Out friend and colleague Walter Trout Receives Liver Transplant

By KETV News
Published on June 23, 2014

A popular blues guitarist has traveled the world performing for the last 40 years, but it was a trip to Omaha that changed his life.

Walter Trout, 63, came to the Nebraska Medical Center seven weeks ago to await a transplant that he desperately needed for his failing liver.
According to his wife, Marie Trout, his health started declining a year ago. Even with his health condition, he refused to stop performing. He played in more than 100 shows last year even though he was practically dying on stage.’

“They (fans) gave him such support and love, and as he became weaker and weaker, his way of playing changed slightly,” said Marie.

Walter Trout performing in 2013. Photo by Rooijen Photography

Marie said they came to the Nebraska Medical Center because it was highly recommended by other musicians, and doctors said Walter had better odds of finding a liver in Omaha.

“We are in the center of the country which makes it easier for organs to be transported to us, as opposed to other parts of the country, and the sicker you are, the higher you move up on the [transplant] list,” said Dr. David Mercer, Walter’s transplant surgeon.

Watch the news video here.

Mercer said that in some cases, the Nebraska Medical Center would perform transplants on patients when other programs wouldn’t. On Monday morning, the Trouts learned Walter would be getting the liver he had been waiting for.

Someone’s decision to be a donor could save the lives of many. In an interview with KETV NewsWatch 7, Marie was sure to stress how important it is to register to become an organ donor.

“That organ donor is everything to us from now on. Talk about a Memorial Day hero — that is our champion,” said Marie.

During surgery, Mercer and his team played Walter’s songs for the duration of the transplant.

“They were cool enough to appreciate his art,” said Marie.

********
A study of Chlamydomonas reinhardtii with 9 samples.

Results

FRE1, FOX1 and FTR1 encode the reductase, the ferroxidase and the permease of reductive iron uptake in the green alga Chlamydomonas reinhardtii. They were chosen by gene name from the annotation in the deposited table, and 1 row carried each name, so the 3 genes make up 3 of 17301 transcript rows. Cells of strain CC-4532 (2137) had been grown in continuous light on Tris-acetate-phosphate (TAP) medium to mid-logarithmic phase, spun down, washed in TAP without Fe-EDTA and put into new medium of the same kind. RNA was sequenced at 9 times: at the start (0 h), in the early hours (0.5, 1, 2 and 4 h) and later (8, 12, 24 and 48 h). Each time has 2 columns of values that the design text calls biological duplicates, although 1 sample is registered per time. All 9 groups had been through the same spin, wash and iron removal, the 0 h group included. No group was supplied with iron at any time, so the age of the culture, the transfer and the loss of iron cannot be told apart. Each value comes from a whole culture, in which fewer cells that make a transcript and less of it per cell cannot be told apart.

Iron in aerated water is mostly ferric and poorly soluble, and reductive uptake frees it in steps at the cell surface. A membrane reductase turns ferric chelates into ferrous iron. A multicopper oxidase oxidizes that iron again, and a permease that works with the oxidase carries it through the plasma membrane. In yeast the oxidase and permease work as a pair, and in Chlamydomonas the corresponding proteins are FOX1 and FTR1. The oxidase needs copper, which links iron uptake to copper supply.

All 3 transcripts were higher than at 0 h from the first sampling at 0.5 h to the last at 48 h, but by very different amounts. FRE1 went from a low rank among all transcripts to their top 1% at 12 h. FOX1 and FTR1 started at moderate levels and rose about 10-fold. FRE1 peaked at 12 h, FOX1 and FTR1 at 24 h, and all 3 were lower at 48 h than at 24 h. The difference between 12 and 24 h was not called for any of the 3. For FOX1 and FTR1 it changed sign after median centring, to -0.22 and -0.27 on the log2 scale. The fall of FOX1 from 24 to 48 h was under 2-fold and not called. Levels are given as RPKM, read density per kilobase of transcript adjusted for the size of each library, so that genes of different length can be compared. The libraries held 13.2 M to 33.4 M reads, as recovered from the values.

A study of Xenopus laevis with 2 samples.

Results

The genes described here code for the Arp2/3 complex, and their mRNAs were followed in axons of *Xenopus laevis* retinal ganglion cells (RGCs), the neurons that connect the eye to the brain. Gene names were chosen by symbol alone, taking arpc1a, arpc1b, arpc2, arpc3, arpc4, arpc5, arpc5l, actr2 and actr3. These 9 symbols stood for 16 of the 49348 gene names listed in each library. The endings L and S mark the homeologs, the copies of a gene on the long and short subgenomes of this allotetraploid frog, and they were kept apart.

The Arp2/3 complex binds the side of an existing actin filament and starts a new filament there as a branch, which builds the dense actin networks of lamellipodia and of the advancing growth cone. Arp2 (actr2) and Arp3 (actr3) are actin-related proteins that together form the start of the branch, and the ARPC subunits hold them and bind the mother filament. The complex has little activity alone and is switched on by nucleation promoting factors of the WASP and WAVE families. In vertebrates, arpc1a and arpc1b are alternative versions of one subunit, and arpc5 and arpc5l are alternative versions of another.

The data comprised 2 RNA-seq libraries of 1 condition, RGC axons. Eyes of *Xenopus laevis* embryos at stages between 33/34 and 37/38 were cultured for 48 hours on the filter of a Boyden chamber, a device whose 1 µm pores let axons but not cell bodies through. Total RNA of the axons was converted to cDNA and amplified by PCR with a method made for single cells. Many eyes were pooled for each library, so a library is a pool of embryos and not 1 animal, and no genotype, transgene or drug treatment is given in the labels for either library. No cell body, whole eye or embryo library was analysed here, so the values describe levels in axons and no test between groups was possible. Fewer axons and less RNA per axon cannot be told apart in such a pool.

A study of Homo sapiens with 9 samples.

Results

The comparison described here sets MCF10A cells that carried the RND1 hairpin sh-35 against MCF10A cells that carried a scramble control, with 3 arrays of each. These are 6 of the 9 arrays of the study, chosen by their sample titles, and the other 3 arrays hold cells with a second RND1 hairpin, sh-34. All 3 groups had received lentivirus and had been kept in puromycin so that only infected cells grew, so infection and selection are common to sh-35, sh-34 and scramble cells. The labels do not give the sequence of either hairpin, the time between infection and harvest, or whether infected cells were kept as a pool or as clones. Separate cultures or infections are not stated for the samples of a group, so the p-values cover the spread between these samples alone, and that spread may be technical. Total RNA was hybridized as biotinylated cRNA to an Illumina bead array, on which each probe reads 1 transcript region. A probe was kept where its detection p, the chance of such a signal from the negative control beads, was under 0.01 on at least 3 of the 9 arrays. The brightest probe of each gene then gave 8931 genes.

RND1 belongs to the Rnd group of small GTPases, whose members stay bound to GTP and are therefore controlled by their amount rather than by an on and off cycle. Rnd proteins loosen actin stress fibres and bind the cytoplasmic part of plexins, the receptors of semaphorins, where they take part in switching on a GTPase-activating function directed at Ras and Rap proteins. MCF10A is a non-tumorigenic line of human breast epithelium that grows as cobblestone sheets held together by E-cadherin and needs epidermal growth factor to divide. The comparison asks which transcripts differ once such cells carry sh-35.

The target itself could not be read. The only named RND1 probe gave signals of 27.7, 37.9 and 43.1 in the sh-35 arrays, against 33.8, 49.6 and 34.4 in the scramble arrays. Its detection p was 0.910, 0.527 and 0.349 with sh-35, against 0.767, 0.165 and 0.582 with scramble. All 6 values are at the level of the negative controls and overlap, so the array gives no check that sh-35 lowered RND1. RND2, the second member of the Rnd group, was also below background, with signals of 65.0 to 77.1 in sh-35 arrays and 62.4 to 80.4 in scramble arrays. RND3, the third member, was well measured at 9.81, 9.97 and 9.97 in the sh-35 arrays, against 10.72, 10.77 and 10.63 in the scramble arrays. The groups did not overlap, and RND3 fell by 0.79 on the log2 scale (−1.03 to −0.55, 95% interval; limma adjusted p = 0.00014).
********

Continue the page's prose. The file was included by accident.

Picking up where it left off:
In Walter’s new album, he sings about second chances and finding the strength to live.

“Then I heard the voice inside me and it sounded like a cry, and I heard it say loudly, this ain’t your time to die,” Walter’s lyrics read.

The song “Bottom of the River” is on Walter’s new album, which is set to release in the U.S. on June 10.

Walter will stay at the Nebraska Medical Center as doctors monitor his new liver. He is looking to regain his strength to go back on tour next year. He hopes to play in Omaha as a thank you.


Update June 22, 2014: here is part of the intro to his book “Rescued From Reality: The Life And Times Of Walter Trout” By Henry Yates and Walter Trout

In June 2013, while touring Germany, the guitarist awoke to the first signs that he had a liver disease that caused some cirrhosis of the organ. His health deteriorated but he continued to tour. He was eventually told that he needed a liver transplant within 90 days. Just recently, he received that transplant; his wife and manager, Marie, has said that he is doing well.

The Atlantic City-born guitarist may never have enjoyed the sort of superstardom attained by, say, Eric Clapton, but he is held in exceptionally high regard by many who love blues guitar. Jimmy Page, formerly of Led Zeppelin, thinks his work is “wonderful”; Mayall, in the foreword to this book, says he is one of the most talented rock and blues players on the world stage. ‘Whispering Bob’ Harris has said Trout is the world’s greatest rock guitarist. Trout really ought to be better known than he is.

The trouble was – and he is far from alone in this – that Trout was much too trusting of people he thought of as friends. It took the sharp-eyed business acumen of Marie, a former advertising executive in her native Denmark, to put him right. The couple married in September 1991, and are still together. Without her, Trout admits, “I’d be dead, or broke, or both.” He twists the knife in the back of those who ripped him off, in Willie, a song on his defiant new album, The Blues Came Callin’.

Trout says in the book that music, the blues, was his salvation. He wouldn’t necessarily make the same life-choices if he could have his time again. But regret is an elusive commodity.